On the 26th day of April 1986, a catastrophic accident shook the world when a nuclear reactor in the Chernobyl Nuclear Power Plant exploded. The plant was located in Ukraine, which was then part of the Soviet Union. Considered as the world’s worst nuclear accident, 31 people died at the time of explosion. But its consequences didn’t end there. Cleaning up and containing the aftermath required around 500,000 workers. And according to a United Nations report, up to 4,000 people could still eventually die because of the radiation exposure they experienced from the accident almost 20 years ago.
For the accident to reach such a catastrophic scale, it was not just the explosion per se but a series of unfortunate events that followed. In the wee hours of dawn, engineers had to deal with an unexpected power surge. They attempted an emergency shutdown but this only made things worse, as the power surged to roughly 100 times more than the normal level. Due to this exponential increase in power output, the fuel pellets found in the core began exploding, and this led to the rupture of fuel channels.
It was around 1:24 in the morning when two explosions blew off the reactor’s roof or upper radiation shield. Not only did this release dangerous radioactive content to the atmosphere, it also sucked air into the reactor and ignited carbon monoxide gas, which is highly flammable. This led to a 9-day fire that released significant amounts of radioactive debris to the atmosphere, affecting even neighboring countries.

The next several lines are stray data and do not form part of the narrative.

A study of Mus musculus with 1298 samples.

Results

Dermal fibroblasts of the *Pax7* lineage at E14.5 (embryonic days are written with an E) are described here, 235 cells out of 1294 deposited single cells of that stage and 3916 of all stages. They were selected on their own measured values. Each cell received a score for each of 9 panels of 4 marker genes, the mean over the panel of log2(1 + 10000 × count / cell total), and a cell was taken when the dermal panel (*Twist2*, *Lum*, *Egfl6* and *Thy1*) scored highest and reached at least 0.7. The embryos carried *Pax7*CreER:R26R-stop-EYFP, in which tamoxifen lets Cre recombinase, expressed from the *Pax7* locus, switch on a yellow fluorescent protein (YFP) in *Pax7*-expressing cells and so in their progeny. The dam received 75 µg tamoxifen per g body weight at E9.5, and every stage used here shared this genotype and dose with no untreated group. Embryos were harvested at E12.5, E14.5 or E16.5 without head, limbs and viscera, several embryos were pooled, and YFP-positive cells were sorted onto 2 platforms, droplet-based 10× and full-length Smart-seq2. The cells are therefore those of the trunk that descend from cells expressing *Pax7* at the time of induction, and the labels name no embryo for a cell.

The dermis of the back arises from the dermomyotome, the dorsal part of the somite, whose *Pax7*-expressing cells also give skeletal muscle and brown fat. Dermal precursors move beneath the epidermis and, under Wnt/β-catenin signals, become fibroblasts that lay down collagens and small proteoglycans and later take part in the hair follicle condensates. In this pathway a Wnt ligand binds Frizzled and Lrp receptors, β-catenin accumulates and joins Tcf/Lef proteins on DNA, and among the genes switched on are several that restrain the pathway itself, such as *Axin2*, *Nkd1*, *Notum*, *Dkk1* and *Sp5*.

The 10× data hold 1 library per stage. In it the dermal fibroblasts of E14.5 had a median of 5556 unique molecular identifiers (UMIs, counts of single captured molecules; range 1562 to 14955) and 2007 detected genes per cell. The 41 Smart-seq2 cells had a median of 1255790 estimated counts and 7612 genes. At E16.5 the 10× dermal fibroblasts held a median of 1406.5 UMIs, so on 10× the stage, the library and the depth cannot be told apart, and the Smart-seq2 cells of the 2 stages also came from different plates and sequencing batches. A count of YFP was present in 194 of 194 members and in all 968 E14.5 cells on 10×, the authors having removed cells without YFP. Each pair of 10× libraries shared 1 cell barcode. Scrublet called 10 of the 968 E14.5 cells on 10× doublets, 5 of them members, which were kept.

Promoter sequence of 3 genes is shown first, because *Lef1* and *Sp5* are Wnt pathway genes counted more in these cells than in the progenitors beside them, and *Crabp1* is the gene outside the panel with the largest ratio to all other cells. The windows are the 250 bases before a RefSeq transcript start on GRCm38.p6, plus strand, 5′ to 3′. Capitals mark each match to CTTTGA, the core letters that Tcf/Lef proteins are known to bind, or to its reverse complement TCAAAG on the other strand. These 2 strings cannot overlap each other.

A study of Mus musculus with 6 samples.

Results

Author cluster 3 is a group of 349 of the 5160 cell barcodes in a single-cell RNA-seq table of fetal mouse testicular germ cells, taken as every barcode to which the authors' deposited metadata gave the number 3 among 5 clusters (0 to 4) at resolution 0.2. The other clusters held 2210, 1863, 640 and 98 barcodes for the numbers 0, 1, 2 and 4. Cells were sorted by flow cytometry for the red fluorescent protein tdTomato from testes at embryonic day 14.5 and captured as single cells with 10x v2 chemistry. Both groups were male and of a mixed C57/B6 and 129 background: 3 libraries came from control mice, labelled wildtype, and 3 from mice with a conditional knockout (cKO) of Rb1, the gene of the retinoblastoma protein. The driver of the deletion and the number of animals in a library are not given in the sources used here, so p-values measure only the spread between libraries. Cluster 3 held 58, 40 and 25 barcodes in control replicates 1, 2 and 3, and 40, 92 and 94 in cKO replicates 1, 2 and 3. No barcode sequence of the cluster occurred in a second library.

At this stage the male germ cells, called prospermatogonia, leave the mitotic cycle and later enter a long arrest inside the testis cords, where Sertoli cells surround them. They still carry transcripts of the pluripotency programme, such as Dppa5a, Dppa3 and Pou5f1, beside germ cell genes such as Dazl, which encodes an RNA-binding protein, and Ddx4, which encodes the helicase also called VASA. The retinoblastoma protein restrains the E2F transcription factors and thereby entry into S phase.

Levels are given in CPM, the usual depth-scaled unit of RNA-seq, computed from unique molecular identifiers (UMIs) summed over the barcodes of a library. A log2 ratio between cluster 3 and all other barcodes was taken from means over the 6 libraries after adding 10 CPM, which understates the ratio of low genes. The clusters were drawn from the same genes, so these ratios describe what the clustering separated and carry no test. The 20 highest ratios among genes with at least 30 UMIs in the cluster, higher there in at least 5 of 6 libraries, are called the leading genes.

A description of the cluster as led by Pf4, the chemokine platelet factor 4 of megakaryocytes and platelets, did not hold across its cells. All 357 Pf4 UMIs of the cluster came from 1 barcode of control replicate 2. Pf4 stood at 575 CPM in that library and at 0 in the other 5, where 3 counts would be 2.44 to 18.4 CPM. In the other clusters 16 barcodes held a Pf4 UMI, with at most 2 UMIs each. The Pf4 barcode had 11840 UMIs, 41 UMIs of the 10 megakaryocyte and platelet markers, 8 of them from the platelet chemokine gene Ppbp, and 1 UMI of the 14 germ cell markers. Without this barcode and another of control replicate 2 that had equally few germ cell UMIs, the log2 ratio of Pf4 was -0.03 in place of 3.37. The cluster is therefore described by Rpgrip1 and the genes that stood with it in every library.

After the accident, they found traces of radioactive deposits in almost every country located in the northern hemisphere. But neighboring areas were the ones who were most affected, and contamination was brought by the wind, rainfall, and even the soil where food is planted. According to this report, the accident caused more than 350,000 people to relocate from Chernobyl, Ukraine, Russia, and Belarus. But 5.5 million people remain, and 20 years later the health effects are still expected to manifest.
As a result of the accident, 4,000 cases of thyroid cancer have already been reported, and the victims are those who were adolescents or children at the time of the accident. Though there is a 99% survival rate and only 15 people have been recorded as casualties of Chernobyl-related thyroid cancer, Greenpeace estimates that up to 60,000 more cases of the disease could be reported, among 270,000 cases of all other cancers.